Tuesday's results are open to (careful) interpretation
Thursday, November 4, 2010; 12:27 AM
For Republicans, it's the classic problem of overinterpreting the mandate of an election. For the president, it's the risk of underinterpreting the message that voters delivered Tuesday.
The talking points for the day were set before the ballots were fully counted Tuesday night. The White House and congressional Republicans said the same thing: Americans want us to work together. That is the easy part. For the victors, the rules require no gloating. For the losers, humility is the order of the day.
It took the president nearly an hour at his Wednesday news conference to open up, describing the results as "a shellacking" and acknowledging that his relationship with the American people "has gotten rockier and tougher" over the past two years.
For most of the rest of the hour, however, he sounded little different than he had before the election - unwilling, it seemed, to consider whether he had moved too far to the left for many voters who thought he was a centrist when he ran in 2008.
History tells the president not to panic. Ronald Reagan suffered serious midterm losses in 1982 and won reelection in one of the nation's biggest landslides. Bill Clinton looked flattened after 1994, when Republicans ended 40 years of Democratic rule in the House and added the Senate as well. He, too, easily won a second term two years later. Obama referred to both in his news conference.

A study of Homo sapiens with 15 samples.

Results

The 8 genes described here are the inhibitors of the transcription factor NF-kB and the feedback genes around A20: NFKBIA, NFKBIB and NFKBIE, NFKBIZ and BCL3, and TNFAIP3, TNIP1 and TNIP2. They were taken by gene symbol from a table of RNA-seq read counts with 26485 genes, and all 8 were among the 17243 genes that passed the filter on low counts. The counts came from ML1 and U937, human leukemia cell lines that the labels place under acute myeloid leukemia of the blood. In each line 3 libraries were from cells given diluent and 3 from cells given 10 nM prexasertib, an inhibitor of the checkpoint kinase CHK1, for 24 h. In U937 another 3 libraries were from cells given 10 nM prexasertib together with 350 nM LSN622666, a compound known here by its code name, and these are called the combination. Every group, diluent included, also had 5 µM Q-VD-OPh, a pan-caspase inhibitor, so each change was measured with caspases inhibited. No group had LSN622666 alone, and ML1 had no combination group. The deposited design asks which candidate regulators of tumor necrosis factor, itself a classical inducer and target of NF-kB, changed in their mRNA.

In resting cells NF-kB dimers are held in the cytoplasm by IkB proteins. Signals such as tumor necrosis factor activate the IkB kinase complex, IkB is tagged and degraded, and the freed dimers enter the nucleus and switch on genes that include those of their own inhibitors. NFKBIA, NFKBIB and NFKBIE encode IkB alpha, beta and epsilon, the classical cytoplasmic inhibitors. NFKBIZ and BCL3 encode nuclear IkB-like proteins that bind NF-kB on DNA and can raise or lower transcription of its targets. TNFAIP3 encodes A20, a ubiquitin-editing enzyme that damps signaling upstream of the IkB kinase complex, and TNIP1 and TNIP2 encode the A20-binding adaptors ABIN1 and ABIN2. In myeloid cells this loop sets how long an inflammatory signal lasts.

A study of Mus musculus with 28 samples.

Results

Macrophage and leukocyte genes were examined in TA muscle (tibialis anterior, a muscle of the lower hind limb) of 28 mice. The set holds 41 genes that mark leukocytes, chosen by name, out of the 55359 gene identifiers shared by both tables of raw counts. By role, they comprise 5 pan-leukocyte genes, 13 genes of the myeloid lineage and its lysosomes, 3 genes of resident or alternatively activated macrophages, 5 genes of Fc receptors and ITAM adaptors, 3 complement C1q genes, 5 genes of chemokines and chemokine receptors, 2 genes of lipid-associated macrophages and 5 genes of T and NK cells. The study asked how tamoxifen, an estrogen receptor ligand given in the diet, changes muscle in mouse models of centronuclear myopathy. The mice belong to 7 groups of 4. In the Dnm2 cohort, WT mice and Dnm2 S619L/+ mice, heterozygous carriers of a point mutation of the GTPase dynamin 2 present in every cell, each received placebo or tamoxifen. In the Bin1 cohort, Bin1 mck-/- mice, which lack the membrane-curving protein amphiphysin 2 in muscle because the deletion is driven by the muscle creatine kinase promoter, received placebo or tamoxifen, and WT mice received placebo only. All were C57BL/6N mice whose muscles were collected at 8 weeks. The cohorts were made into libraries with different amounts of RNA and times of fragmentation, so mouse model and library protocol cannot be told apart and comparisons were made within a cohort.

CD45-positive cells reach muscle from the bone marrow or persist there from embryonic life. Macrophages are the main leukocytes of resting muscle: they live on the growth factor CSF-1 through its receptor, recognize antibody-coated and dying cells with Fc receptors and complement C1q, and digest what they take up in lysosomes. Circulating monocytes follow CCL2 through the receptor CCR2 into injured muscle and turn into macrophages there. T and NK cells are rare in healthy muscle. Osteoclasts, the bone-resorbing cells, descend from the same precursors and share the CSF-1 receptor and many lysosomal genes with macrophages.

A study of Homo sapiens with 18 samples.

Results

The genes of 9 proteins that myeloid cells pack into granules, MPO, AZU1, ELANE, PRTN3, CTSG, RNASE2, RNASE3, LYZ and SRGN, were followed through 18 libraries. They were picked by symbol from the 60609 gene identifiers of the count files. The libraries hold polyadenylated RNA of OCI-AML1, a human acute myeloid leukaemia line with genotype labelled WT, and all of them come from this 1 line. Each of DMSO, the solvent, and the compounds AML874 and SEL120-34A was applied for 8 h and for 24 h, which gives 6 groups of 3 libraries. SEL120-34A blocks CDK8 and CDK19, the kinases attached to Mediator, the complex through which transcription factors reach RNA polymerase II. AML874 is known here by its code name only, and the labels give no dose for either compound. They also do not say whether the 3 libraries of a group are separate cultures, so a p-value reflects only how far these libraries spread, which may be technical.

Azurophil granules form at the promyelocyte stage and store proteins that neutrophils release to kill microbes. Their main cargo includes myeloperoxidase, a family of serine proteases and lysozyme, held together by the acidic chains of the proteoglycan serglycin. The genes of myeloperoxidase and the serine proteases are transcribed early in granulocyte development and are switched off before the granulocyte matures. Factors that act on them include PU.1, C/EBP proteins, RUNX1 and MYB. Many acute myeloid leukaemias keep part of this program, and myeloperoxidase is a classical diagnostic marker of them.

But Tuesday's results showed just how much work Obama has to do to turn around his presidency. He has lost touch with many people. His coalition is now badly fractured: Neither young people nor African Americans showed up Tuesday in numbers approaching their turnout in 2008. Democrats disappeared in some big states as the number of voters dropped dramatically.
Independents didn't just defect from Democrats - they deserted them in droves. If there is one number from all the exit polls that leaps out, it is from Ohio, where independents went for Republican Rob Portman, who won the Senate race, by a staggering 39 percentage points. In the state's gubernatorial election, independents backed winner John Kasich by 16 points. Overall, independents voted Tuesday for Republicans by a margin of 18 points. Two years ago, Democrats won them by eight points.
Independents continue to swing back and forth. Obama may hope they will be back in his column by 2012, if the economy has recovered. But the message from independents was unhappiness not only with the results of Obama's economic and domestic agendas but also with the agendas themselves. According to exit polls, 57 percent of independent voters said the president's policies will hurt the country in the long run. Just 38 percent said they will help.
When he ran for president, Obama was a political phenomenon. There is little likelihood that he can rekindle the magic of 2008 and his extraordinary campaign. Two years as president during some of the most difficult times the country has experienced in many years have taken their toll on the relationship between the president and the public.
Those who doubted him from the start are now hard-core in their opposition. Many of those who were inspired by his candidacy are, at a minimum, let down. Those who were merely hopeful have lost hope. Which means that he must find a new way to connect.
Obama has suffered few such setbacks in his life. With the exception of a loss in his first race for Congress, he has always arrived ahead of schedule on a career path that has moved at an astonishing pace from community organizer to Illinois state senator to U.S. senator to president.